Autocar's unique road test broadens it horizons
24 December 2008

It's time for the Christmas Road Test. We've already covered Concorde, the Ark Royal, Eurostar, a Liebherr mining truck and a Volvo racing yacht. Each tested in extreme detail and put in the context of its competitors.

The subject of this year's Autocar Christmas Road Test is no less spectacular. It's 73m long, 25m high, weighs 277 tonnes and each of its four 6700kg engines produces 70,000lb of thrust. Yes, it's the Airbus A380.

See all the pics of the Airbus A380

Read the full road test in the 180-page special issue of Autocar - in the shops from today.

8

29 December 2008

Sorry to rain on anyone's parade, but when you click upon view images of the A380, the page states that Emirates was the first operator of the plane...in fact it was Singapore Airlines. Hope you had fun on board the world's largest Rolls Royce!

29 December 2008

[quote M_Nolan]Hope you had fun on board the world's largest Rolls Royce! [/quote]

Sorry to rain on your parade, but although the plane was conceived to use Rolls-Royce Trent engines, the Emirates A380s are powered by Pratt & Whitney / GE Aviation EA GP7000 engines (Autocar magazine 17/24 Dec 08 page 48 bottom left).

I don't know about the Singapore Airlines versions - I'm not really into planes. I prefer vehicles where the wheels mostly remain in contact with the earths surface, and preferably four or more of them nowadays.

29 December 2008

Great piece of engineering but it scares the life out of me.

Has anyone else noticed that due to increasing noise and emission regulations, planes are throttling back sooner after take off out of UK airports? Just makes them a little more susceptible to turbulence closer to the ground...... and on a plane that big!!!!

Irrational fears, don't you just love them.

 

 

It's all about the twisties........

29 December 2008

(Quote Autocar) It's 73m long, 25m high, 80m long, weighs 277 tonnes (End Quote)

Autocar which is it, 73m long or 80m long??

One thing i notice on this website, is the lack of proof reading. Many of the stories on here have so many errors, it's worse than the BBC website and that's saying something.

29 December 2008

Hopefully one day I may get to move off the A320 onto the A380.

"I don't know about the Singapore Airlines versions - I'm not really into planes. I prefer vehicles where the wheels mostly remain in contact with the earths surface, and preferably four or more of them nowaday."

Yes the SIA and the Qantas planes are running with the Rolls Royce engines at the moment. The Roller seems to be the more popular engine with orders so far. [quote TegTypeR]

Has anyone else noticed that due to increasing noise and emission regulations, planes are throttling back sooner after take off out of UK airports? Just makes them a little more susceptible to turbulence closer to the ground...... and on a plane that big!!!!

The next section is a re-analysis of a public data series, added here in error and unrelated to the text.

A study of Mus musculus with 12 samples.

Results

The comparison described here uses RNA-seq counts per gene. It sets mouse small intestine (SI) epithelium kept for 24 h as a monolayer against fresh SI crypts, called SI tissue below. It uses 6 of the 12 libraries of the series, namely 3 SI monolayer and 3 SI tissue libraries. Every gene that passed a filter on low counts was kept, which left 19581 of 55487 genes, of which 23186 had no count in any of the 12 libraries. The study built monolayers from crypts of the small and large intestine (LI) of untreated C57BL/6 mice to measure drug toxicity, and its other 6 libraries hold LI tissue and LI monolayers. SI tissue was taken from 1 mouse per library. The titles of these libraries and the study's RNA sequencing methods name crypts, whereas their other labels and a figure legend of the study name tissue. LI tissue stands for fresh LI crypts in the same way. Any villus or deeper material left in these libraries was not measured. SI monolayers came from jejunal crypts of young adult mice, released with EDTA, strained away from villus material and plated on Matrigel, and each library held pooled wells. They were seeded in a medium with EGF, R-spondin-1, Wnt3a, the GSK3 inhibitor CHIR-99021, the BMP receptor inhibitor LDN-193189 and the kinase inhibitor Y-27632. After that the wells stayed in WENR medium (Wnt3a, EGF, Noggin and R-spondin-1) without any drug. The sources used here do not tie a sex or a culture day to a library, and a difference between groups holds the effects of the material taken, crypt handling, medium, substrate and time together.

Irrational fears, don't you just love them.

[/quote]

Completely understandable, however the pilots would not be reducing from take off power to climb power unless it was safe to do so. When I was training in a twin engine piston, we would reduce to climb power at 500'

Finally the wingspan is just under 80 metres, and the overall length is just under 73 metres.

30 December 2008

Hi,

I just thought the comparison with the 747 was a bit off - the a380 has 200 orders so far - Boeing is struggling to seel passenger versions of the 747-8; Lufthansa has ordered 20 or so, but no one else, and it's been on sale for a while...

31 December 2008

Thanks Matt, thoroughly enjoyed reading all about it in the Xmas issue, especially the small print!

2 January 2009

I thought the test was badly researched and ended up being a lovely PR success for General Electric; there were lots of unsubstantiated "GE engines are better than RR engines in the article".

So much fuel saved by buying a GE engine - really?

So much quieter than the Rolls-Royce engine - really?

The fact is that more A380s are ordered with the Rolls-Royce engine than the GE engines and that there were many delays and problems encountered by the GE engine in development when at the same time the Rolls-Royce engine was actually in service and flying reliably, efficiently and quietly.

Perhaps the choice between the unproven GE Engines (including their fuel consumption and noise figures in service) and the proven Rolls-Royce ones are not as straight forward as you portrayed in the test.

I dont think an "ordinary" Autocar roadtest would have quoted unsubstantiated fuel consumption, noise and other figures if they could not be verified (or would at least say the figures were unverified as you hadnt tested the opposition).